With the recent release of top secret documents from WWII this tory comes as a complete surprise. The story was kept so secret that nobody living in Wolverton would have had any idea that this was going on. Obviously there were precautions against the possibility of Wolverton being a target and indeed there were some bombs dropped on New Bradwell, but I doubt if anyone considered that Wolverton might be involved in a German spy network. Having said that, one person did, thankfully, and the story is now told for the first time in this MK Citizen article.
Richar Dunkley was a builder from Blisworth. he came from a long line of builders whose activities had been mostly local, but with the coming of the London and Birmingham Railway in 1837, Richard Dunkley struck gold and became one of the company’s favoured contractors.
In Wolverton he built the workshops and most of the early housing stock. he was also awarded the contract for building the new houses in Stantonbury in 1856. Many of Dunkley’s buildings in Blisworth and Northampton survive today.
He died at the age of 79 in 1886. Here is his obituary:
His obituary in “Building News”, 3rd September 1886 reads:
The death is announced, in his eightieth-year, of Mr. Richard Dunkley, formerly a builder and railway contractor, well-known in connection with the earlier phases of what is now the London and North-Western Railway. He built for the London and Birmingham Railway Company, when the line was in course of construction, most of the workshops at Wolverton, including the turning and smiths’ shops, the locomotive sheds, the saw mills, and carriage works; and he also carried out there many extensive alterations and additions, besides building many houses for the employees. He built the whole of the great junction at Willesden; constructed several of the loop lines, and erected 40 houses there for the company; and during a period of between 30 and 40 years, he executed many important alterations and additions, rendered necessary by the great increase in the railway traffic. He also carried out some very heavy works at Chalk Farm Station, and at Euston Station; and Tring and Cheddington Railway Stations were erected by him. The railway line between Northampton and Market Harborough was constructed by him, including the tunnels through which the line passes. In the town of Northampton his works included the West Bridge at Castle Station, the Corn Exchange, the Midland Railway Station, the Post Office, the new Cattle Market with its roads, the breweries belonging to Messrs. Phipps and Co., Mr. Phillips and Mr. Manning, the Kettering Road reservoirs, and the roads and culverts on the Kingsley Park Estate. He also took down the old town hall, and carried out some additions to St. Andrew’s Hospital, and the west wing, schools, and chapel of the Convent of Notre Dame in the same town. Seventy-two cottages at Stantonbury, near Wolverton; the viaducts at Coventry, the gasworks at Leamington; Warwick Gaol; the engine sheds at Rugby; Carlton Hall, the seat of Sir Geoffrey Palmer, Bart., were also his work.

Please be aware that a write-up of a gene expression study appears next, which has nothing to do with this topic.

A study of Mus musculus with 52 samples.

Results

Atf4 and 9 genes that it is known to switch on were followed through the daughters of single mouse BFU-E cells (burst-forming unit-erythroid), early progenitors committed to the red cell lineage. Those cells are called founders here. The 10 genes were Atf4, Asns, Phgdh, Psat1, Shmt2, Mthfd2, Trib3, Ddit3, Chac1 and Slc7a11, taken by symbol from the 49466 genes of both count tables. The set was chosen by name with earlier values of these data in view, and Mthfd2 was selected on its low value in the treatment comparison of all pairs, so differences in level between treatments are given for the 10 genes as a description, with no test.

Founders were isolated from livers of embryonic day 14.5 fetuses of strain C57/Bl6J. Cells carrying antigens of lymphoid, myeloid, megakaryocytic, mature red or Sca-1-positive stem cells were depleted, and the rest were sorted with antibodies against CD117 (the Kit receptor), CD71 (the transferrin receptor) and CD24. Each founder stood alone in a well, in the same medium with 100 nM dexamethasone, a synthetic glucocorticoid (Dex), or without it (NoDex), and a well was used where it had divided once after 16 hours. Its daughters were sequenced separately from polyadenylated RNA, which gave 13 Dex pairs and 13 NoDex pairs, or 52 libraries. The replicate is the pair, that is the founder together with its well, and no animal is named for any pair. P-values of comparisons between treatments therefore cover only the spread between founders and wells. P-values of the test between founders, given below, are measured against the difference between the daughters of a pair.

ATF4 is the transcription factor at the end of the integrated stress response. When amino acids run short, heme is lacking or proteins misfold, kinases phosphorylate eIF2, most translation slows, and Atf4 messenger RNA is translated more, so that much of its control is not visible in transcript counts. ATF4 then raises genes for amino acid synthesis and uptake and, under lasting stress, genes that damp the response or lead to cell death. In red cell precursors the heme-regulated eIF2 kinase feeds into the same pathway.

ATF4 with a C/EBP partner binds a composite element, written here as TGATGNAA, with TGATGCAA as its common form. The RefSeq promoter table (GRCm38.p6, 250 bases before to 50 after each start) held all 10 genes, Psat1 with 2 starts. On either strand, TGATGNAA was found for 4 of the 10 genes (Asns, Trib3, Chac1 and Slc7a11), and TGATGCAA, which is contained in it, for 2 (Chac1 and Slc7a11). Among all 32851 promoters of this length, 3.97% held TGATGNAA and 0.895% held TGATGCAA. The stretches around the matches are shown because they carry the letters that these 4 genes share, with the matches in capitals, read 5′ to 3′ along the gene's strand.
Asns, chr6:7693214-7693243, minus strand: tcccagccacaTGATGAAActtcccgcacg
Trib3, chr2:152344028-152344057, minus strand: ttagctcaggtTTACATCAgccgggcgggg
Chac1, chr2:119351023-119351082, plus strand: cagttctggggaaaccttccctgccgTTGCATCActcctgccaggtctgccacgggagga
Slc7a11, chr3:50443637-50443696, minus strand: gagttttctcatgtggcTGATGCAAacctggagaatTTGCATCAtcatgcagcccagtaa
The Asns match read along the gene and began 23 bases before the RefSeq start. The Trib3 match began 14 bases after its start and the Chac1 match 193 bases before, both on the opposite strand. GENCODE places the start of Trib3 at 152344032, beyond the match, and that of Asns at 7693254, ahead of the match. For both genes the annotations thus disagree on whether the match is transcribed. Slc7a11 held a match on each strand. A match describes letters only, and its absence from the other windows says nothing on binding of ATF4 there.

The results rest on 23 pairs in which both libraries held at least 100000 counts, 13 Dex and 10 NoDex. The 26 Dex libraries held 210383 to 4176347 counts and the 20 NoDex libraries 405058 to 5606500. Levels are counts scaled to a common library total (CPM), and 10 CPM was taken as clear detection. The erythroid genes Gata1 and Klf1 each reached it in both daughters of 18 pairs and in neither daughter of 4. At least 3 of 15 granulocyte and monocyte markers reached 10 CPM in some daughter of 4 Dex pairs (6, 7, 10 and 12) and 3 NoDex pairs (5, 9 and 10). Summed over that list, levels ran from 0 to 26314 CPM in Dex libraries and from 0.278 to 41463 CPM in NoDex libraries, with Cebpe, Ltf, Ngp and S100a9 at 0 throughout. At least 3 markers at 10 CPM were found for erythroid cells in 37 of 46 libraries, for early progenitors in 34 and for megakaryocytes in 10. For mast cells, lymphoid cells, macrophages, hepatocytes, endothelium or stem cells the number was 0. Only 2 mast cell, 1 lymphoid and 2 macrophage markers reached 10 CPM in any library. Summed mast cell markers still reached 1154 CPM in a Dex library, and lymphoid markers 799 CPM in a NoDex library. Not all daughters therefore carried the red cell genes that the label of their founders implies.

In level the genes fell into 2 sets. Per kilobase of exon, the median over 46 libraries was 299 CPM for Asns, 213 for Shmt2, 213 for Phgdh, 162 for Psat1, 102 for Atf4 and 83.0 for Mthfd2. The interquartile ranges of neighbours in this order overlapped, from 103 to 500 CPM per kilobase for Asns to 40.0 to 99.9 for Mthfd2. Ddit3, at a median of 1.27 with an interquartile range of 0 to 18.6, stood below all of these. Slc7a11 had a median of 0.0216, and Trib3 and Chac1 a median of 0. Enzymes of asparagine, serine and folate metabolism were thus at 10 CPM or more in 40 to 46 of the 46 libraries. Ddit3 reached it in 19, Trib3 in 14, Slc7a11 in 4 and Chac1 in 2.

Here are some mug shots of prisoners in Aylesbury Gaol from the 19th century. These two young boys, both from Wolverton were convicted of stealing fishing tins and each given sentences of 14 days in prison. The top picture is of Edward Clark, aged 16 and below, Joshua Truman, aged 15. Both boys were apprentices in Wolverton Works. The date of sentence was 10th July 1873. Nowadays they would have been let off with a caution but in those days theft of any kind was taken very seriously. One of my great grandfather’s brothers was sentenced to 3 months for a similar crime in 1870 at about the same age. He also lost his job at Euston station. After this he emigrated to the United States where he was able to start afresh. He lived a long life and became an upstanding citizen, even mayor of his city.
This young man is Thomas Brown of Stony Stratford. He was sentenced to three months in prison on 8th march 1872 for stealing tobacco,
This man, also from Stony Stratford, is older – 36. He was a tinman and on 5th April 1871 got 9 months for stealing brushes from his master.
The cross country road from west to east has changed more times than we probably realise. Early travellers used high roads such as the one that follows Green lane in Wolverton, presumably because they could see potential danger from afar. As society settled valley roads were chosen because it was easier to move goods. The Portfield Way, as it was once called because it was a market road, (Port meaning market, followed a line from Calverton which led it past Horsefair Green, more-or less along its present line. However, opposite Warren farm it followed the present footpath up to Holy Trinity Church and then continued along the Old Wolverton Road, now to the north of the canal. This made perfect sense as the old medieval village was along this road before the enclosure clearances of 1654.
I can only assume that the detour was constructed when the canal was built. This left the church and its associated cottages isolated and may explain why the Wolverton Park Farm house had its access road at the back.
Slated Row, Rose Cottage and the Galleon and its cottages are all 19th century buildings and became what we bought of as “Old Wolverton” – but not so old after all.